Published: March 30, 2012 07:33


Sonatype, ensuring the integrity of the modern software supply chain, has collaborated with Aspect Security , a provider of application security, to study the real-world use of vulnerable versions of open-source libraries.

Open-source components are downloaded from the Central Repository thousands of times per day to create applications for the Global 2,000 and others for finance, energy, government and military activities.

Sonatype and Aspect ( News - Alert) Security are working for awareness and process changes by software development teams to avoid security risks.

80 percent of the code in today’s applications comes from libraries and frameworks. The risk of vulnerabilities in these components is widely ignored and underappreciated. In partnership with Sonatype, Aspect researchers analyzed over 113 million downloads by more than 60,000 commercial, government and non-profit organizations.

The study included the 31 most popular Java frameworks and security libraries downloaded from the Central (“Central”) Repository, and discovered that 26 percent of these have known vulnerabilities. Every organization should be concerned with the security of the components that they use and trust to run their business.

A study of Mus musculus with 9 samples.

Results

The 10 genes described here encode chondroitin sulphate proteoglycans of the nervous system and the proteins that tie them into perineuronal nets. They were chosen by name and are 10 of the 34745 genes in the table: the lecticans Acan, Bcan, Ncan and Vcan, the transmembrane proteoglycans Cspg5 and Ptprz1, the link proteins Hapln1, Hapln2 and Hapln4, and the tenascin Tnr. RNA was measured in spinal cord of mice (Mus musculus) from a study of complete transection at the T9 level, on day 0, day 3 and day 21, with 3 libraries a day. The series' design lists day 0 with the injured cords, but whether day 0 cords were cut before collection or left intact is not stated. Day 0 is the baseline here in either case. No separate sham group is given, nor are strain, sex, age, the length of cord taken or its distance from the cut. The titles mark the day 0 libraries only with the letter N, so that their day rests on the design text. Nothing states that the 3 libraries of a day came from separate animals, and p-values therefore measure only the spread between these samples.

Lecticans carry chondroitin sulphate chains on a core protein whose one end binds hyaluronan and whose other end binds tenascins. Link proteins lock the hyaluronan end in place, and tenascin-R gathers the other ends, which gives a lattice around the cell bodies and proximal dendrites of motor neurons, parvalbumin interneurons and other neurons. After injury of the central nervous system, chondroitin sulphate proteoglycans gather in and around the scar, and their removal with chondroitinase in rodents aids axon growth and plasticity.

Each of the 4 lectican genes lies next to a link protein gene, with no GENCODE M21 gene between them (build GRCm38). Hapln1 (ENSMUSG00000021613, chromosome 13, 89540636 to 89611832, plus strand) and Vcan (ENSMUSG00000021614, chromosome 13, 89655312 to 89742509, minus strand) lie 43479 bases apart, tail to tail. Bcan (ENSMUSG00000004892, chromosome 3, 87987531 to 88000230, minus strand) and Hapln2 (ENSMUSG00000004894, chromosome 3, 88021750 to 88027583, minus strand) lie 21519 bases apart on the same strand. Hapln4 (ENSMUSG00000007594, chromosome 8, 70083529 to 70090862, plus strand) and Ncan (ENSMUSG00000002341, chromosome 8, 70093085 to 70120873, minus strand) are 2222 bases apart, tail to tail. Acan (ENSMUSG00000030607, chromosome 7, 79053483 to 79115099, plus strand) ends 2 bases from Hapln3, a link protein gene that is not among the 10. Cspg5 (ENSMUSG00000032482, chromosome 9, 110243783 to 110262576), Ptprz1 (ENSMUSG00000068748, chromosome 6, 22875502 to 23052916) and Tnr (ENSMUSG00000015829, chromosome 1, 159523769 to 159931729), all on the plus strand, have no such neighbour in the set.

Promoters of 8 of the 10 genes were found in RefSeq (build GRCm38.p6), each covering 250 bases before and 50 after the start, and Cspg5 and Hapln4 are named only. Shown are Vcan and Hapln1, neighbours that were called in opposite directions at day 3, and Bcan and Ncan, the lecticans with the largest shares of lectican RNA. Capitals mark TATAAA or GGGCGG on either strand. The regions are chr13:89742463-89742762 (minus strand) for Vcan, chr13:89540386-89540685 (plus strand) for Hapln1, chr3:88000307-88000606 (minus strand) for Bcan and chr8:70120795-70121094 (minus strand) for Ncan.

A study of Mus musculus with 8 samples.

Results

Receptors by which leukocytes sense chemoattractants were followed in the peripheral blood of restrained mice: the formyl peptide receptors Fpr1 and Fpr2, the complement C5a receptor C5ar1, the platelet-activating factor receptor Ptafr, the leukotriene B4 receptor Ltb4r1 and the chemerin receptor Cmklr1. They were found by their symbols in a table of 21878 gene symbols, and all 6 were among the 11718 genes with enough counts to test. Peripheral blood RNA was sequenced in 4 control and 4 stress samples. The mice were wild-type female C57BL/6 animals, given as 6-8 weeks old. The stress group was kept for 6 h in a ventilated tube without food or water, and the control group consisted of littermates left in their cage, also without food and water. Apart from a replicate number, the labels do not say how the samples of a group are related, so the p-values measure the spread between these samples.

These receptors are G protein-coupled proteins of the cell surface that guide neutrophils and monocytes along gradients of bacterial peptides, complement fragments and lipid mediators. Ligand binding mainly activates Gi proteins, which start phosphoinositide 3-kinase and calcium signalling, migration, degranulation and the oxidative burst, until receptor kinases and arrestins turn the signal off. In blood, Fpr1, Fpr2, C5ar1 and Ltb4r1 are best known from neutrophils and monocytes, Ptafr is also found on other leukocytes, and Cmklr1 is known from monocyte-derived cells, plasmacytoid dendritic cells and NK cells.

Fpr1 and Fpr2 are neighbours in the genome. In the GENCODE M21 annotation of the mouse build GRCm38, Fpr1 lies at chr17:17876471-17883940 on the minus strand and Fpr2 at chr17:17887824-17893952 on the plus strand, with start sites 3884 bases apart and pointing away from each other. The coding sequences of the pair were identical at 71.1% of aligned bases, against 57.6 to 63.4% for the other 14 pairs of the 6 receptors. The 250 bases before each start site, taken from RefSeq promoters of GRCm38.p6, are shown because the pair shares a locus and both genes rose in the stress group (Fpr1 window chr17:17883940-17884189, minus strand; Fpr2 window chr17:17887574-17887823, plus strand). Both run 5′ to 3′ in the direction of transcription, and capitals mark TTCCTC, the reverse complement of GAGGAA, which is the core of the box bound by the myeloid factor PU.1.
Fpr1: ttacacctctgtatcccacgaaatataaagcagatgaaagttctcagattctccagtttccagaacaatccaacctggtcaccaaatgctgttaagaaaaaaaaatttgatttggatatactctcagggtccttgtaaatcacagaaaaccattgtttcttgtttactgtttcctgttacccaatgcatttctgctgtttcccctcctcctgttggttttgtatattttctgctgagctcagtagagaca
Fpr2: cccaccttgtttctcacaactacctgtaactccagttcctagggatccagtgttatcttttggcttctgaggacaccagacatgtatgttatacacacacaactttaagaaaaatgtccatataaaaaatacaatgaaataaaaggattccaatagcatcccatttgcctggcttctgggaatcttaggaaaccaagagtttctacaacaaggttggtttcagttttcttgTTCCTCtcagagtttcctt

The data is analyzed by experts from Aspect Security, including Jeff Williams, who drafted "Open Web Application Security ( News - Alert) Project (OWASP) Top 10," a resource and guideline for application security.

The report concluded that modern software relies on open source. The Global 500 is at risk collectively, though financial services firms are the most exposed. Many popular components have flaws, as users are not aware of updates, and community scrutiny drives flaw discovery where open-source security libraries are roughly 20 percent more likely to have reported security vulnerabilities than other components.

"The data clearly shows that organizations consume huge numbers of vulnerable libraries. This is a wake-up call for software development organizations," stated Jeff Williams, CEO of Aspect Security.

"While the numbers from this report are alarming, the take-away is clear: open-source software is critical to forward-thinking development organizations, but there must be education and control to accompany its usage," added Williams.

The average enterprise downloads more than 1,000 unique components from the Central Repository each month, with large banks and independent software vendors (ISVs) downloading even more. With component including dependencies on tens or hundreds of other components, a complex ecosystem emerges. The growing reliance on open-source components important for application development – with the complexity of the ecosystem – has resulted in largely misunderstood application security risks.

"Every day, mission-critical applications are compromised by malicious exploit, yet as this analysis shows, organizations have no clear view into component usage,” said Wayne Jackson, CEO of Sonatype. “Sonatype is working to correct this problem with the delivery of products and information services that offer actionable insight at every stage of the application development process."